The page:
On Monday councilors acknowledged taking an unusual approach by settling on Buck, a former town councilor and town solicitor, without ever posting the vacancy or conducting a search for other candidates. They said the positive impression she had made rendered the usual steps unnecessary.
“We need to find someone who can work well with all seven councilors,” said Councilor Caswell Cooke Jr. “There have been too many times when someone was appointed by a 4-3 vote or a 5-2 vote so the first thing that comes to my mind, and should almost be the headline, is that this is a unanimous decision made by this council, no politics.”
One resident, Ernest Vacca, was critical of the council for not following the past practice of conducting a search. “You didn’t give someone else a chance to apply for this job... and it’s a high-priced job,” he said.
Cooke said that the council was not bound by ordinance or the Town Charter to follow any specific method for hiring a town manager.
Council President Diana Serra said the council arrived at its decision after considering Buck’s performance during her 10 weeks on the job, her education, her experience as a former councilor and solicitor, and her knowledge of matters facing the town.
“She is highly respected by the council, town staff, and the community at large. She is familiar with the complex issues facing the town and it is felt that it would be difficult for anyone not familiar with these issues to transition into this role at this time,” Serra said.
Councilor Patricia Douglas said she had “no doubt” that Buck was “the right person” for the job and said the town had already begun, under Buck’s leadership, to make progress in the many legal battles currently facing the town. Buck takes the reins in the midst of a brewing controversy and legal battle related to Copar Quarries of Westerly’s operation in Bradford.
Rather than spending money on a search only to arrive at a previously “hand-picked” candidate, Douglas said she was proud of her fellow councilors for being honest about their intentions to immediately appoint Buck on a permanent basis.
Councilor Jack Carson said that while he did not disagree with Vacca, the council was not willing to “take that risk. We know what we have, we’re very happy with her performance and we have high hopes for her tenure.”
Councilor Christopher Duhamel said the town faced an urgency to appoint a manager quickly. He cited the Copar case, the need to develop better strategies to protect the town’s groundwater, ongoing infrastructure projects, and town finances. Duhamel said that Buck has served as interim town manager “with grace and strength, listening to staff, seeking advice and working from the conviction that she will do the right thing and play by the book.”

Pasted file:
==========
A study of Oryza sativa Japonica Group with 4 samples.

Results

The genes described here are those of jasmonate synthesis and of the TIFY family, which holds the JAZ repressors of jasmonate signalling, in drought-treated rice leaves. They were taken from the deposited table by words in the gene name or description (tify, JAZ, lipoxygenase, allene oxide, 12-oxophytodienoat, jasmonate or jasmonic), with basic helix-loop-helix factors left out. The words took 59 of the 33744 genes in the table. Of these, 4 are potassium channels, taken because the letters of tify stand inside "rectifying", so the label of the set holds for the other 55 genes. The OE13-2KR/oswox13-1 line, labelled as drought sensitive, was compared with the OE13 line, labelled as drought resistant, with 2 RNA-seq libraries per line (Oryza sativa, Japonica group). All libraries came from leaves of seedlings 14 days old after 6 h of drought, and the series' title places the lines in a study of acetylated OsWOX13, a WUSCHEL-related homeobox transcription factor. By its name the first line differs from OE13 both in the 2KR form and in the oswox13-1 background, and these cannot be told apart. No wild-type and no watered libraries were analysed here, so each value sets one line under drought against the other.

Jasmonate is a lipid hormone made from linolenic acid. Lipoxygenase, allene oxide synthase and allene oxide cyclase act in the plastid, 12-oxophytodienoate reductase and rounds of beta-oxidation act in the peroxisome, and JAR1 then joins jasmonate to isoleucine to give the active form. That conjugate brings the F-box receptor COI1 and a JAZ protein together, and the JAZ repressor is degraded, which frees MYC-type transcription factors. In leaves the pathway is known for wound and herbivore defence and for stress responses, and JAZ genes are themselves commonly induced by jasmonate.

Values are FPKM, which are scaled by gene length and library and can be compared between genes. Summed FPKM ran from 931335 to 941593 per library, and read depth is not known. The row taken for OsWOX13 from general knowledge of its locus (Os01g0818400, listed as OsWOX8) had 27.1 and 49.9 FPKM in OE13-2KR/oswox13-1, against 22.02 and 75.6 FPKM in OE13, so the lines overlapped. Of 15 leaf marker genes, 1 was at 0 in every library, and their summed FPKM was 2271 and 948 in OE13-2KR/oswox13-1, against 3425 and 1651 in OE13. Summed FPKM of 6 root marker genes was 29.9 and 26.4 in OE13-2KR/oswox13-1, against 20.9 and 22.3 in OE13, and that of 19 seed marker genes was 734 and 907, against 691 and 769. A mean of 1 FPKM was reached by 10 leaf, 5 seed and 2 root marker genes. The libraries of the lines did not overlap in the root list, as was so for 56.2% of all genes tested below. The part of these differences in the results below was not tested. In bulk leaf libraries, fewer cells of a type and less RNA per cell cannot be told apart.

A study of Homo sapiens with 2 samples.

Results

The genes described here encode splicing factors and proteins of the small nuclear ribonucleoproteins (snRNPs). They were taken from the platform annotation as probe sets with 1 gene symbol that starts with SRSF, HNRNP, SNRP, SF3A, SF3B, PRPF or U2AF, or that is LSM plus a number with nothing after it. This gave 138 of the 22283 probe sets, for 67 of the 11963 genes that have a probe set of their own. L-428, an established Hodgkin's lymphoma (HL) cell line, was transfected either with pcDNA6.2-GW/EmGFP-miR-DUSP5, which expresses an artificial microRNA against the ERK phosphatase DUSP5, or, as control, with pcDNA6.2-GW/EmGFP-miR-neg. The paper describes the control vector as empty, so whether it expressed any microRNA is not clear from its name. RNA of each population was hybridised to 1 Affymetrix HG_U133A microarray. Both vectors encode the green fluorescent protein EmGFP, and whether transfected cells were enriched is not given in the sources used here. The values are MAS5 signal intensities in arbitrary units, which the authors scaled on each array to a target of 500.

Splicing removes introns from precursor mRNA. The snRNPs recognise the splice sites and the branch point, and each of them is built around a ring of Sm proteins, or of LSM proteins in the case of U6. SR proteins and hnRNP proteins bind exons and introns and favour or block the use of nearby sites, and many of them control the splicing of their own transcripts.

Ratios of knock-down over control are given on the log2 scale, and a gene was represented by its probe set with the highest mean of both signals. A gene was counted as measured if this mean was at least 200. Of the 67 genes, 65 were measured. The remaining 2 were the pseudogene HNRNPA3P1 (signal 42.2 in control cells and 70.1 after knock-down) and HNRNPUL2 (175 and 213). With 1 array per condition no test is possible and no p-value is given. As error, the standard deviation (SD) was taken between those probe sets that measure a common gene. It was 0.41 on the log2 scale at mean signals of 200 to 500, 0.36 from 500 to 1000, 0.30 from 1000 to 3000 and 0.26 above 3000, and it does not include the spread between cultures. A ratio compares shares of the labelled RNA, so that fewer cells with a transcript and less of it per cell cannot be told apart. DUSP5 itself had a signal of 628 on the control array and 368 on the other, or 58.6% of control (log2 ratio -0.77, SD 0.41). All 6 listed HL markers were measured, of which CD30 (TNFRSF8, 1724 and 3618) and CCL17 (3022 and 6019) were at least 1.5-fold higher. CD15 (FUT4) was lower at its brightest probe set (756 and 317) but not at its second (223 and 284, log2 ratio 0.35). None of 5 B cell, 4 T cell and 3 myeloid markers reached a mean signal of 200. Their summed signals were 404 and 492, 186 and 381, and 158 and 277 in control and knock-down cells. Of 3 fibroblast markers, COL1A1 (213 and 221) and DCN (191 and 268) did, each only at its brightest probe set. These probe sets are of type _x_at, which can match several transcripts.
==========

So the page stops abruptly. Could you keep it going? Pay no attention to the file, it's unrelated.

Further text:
Councilor Kenneth Parrilla said that he had not heard a single negative word about Buck. While he was initially opposed to the idea of hiring another lawyer (Hartford is a lawyer as well) and another person with lifelong ties to the town, Parrilla said he changed his mind after considering the number and complexity of the many challenges facing the town. He said he was also impressed by a recent occurrence while he was in Bradford to monitor the quarry. Parrilla said he glimpsed the black municipal car assigned to the town manager.
“All of a sudden I thought, uh oh, I don’t know what’s coming at me, and who was it but Michelle. She was out there to listen and see what was going on,” Parrilla said.
Councilor Andrew Gencarelli said he was relieved when he heard that Buck was interested in serving permanently. “It felt like a huge weight was taken off of my shoulders because I was going to have to find someone who could take over all these issues that have been going on,” he said.
Buck, a lifelong resident of the town, expressed gratitude after the council’s vote.
“I don’t tend to get very emotional but it’s really a very emotional thing tonight. As i said to all of you, the fact that you’re united, it means absolutely everything to me and I’m flattered, I’m honored, I love the town of Westerly and I won’t let you down,” Buck said.
Under terms discussed by the council, Buck’s salary will be $119,651 per year. She agreed to a 25 percent co-pay, the most paid by any town employee, toward the cost of medical and dental health insurance and will receive a $100,000 life insurance policy.
She will receive 16 paid holidays and accrue 20 vacation days per fiscal year. Other conditions include use of a town vehicle, accrual of one day per month of sick time, and a town contribution of 10 percent to a retirement account.
Buck’s performance will be evaluated at six-month intervals for the first year and every year thereafter.